Daily Archives: April 1, 2009

Nastier Than a Speeding Bullet

Irredeemable #1
Writer: Mark Waid
Artist: Peter Krause
Colors: Andrew Dalhouse
Letters: Ed Dukeshire
Cover artists: John Cassaday/Barry Kitson
Editor: Matt Gagnon
Publisher: Boom! Studios
Price: $3.99 US

While last week’s launch of Boom! Studios line of licensed comics for younger readers was a pivotal moment for the publisher (and by all indications, a successful one), the debut of this new super-hero genre title from editor-in-chief and industry star Mark Waid is clearly important to Boom as well. It’s certainly put a strong promotional push behind it, and it’s even recruited writer Grant Morrison to extol the virtues of Waid and Irredeemable. He lauds Waid as an innovator, dismissing the label of Waid as someone whose sensibilities are mired in the Silver Age of super-heroes. I both agree and disagree with Morrison’s assessment. Yes, there’s more to Mark Waid’s writing than simple love for the comics and characters of yesteryear. But no, Irredeemable doesn’t represent an exciting new vision of the genre. We’ve been down this road before, and that’s OK. I like what Waid offers in this comic, but while it’s dark in tone, it’s not exactly cutting-edge stuff either. Not so far, anyway.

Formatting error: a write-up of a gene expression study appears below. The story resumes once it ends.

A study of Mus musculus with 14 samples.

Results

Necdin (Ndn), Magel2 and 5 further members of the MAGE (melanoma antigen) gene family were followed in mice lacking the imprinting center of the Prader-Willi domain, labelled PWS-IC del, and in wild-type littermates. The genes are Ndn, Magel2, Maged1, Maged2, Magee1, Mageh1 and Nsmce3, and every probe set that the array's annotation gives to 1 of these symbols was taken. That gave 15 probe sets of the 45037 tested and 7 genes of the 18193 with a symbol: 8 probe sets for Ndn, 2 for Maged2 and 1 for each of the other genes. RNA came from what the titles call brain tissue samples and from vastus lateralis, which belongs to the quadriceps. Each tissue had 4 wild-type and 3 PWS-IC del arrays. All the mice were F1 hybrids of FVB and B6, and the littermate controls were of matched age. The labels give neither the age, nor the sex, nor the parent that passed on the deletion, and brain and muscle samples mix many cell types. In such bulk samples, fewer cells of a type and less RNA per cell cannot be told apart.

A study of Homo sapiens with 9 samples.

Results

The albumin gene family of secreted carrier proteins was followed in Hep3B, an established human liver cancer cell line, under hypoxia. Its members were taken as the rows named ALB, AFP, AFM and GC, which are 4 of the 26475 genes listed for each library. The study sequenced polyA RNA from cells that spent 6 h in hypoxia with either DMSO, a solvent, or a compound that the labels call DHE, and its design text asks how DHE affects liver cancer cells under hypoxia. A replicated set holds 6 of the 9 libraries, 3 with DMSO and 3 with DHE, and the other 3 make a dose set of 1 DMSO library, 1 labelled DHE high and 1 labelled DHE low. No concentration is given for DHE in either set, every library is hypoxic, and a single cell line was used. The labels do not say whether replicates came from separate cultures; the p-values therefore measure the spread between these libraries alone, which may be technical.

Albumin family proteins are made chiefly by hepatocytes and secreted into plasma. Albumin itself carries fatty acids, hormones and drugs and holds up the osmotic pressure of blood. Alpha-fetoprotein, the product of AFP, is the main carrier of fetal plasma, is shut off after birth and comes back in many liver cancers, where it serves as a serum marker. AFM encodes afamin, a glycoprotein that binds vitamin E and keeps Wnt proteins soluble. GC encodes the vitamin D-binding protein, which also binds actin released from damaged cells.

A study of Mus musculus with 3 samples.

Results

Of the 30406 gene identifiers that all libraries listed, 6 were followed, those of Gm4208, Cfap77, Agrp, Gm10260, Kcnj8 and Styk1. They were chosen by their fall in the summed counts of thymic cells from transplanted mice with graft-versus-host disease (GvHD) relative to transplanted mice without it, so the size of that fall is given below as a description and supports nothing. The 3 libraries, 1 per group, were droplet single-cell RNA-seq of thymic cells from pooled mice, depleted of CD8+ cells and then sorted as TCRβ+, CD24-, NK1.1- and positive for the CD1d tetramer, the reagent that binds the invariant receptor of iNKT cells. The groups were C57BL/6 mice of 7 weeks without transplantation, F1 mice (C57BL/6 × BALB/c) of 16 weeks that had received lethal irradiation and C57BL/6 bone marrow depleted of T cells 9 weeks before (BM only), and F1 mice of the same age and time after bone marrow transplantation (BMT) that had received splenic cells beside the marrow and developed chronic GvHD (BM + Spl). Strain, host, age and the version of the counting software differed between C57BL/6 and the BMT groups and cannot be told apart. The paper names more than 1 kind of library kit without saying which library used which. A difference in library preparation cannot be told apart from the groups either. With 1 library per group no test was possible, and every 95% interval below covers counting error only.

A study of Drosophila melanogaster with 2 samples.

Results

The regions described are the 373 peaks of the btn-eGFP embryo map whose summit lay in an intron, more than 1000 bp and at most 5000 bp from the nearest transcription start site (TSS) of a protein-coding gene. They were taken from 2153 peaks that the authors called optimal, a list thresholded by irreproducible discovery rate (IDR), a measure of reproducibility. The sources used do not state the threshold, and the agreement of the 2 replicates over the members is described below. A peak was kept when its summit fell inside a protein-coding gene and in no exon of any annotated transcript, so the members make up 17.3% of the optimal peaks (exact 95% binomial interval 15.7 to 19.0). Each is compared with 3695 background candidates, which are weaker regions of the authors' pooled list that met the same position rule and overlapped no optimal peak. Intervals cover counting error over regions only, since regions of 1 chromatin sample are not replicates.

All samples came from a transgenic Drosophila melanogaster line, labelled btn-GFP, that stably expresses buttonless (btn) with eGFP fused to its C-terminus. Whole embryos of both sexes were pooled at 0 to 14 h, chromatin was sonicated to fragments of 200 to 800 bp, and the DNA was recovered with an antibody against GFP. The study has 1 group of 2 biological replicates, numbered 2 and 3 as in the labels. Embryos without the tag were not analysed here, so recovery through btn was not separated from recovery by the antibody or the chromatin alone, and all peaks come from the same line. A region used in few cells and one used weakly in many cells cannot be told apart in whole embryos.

Soul Chaser Betty original graphic novel
Writer/Artist/Cover artist/Publisher: Brian “BMan” Babendererde
Price: $14.95 US

This graphic novel’s been sitting on My Big Pile of Books for Review(TM) for some time now, and I have to admit that my delay in picking it up and reading it stems mainly from the fact that its creator is clearly inspired by manga concepts and style. I’m not the biggest fan of manga, though there are a few high-quality books that have won me over in the past. Soul Chaser Betty isn’t one of those rare, mind-blowing books, but as I began to read it, I found a capably crafted, solidly presented piece of Amerimanga…. at first. The further one delves into Brian Babendererde’s book, the more it becomes cluttered with formulaic elements. While the creator developed a solid premise, cast of characters and a look that are clearly in keeping with the tastes of the manga niche market and used them as the foundation for this project, his tendency to keep adding and adding and adding to his mythology overburdens the storytelling. At best, Babendererde is guilty of having too many ideas and characters floating around in his head and failing to hold some of them in. At worst, he’s tried to incorporate as many stereotypical genre elements as possible in an effort to come up with a winning, magic combination, not in the name of storytelling but promotional efforts.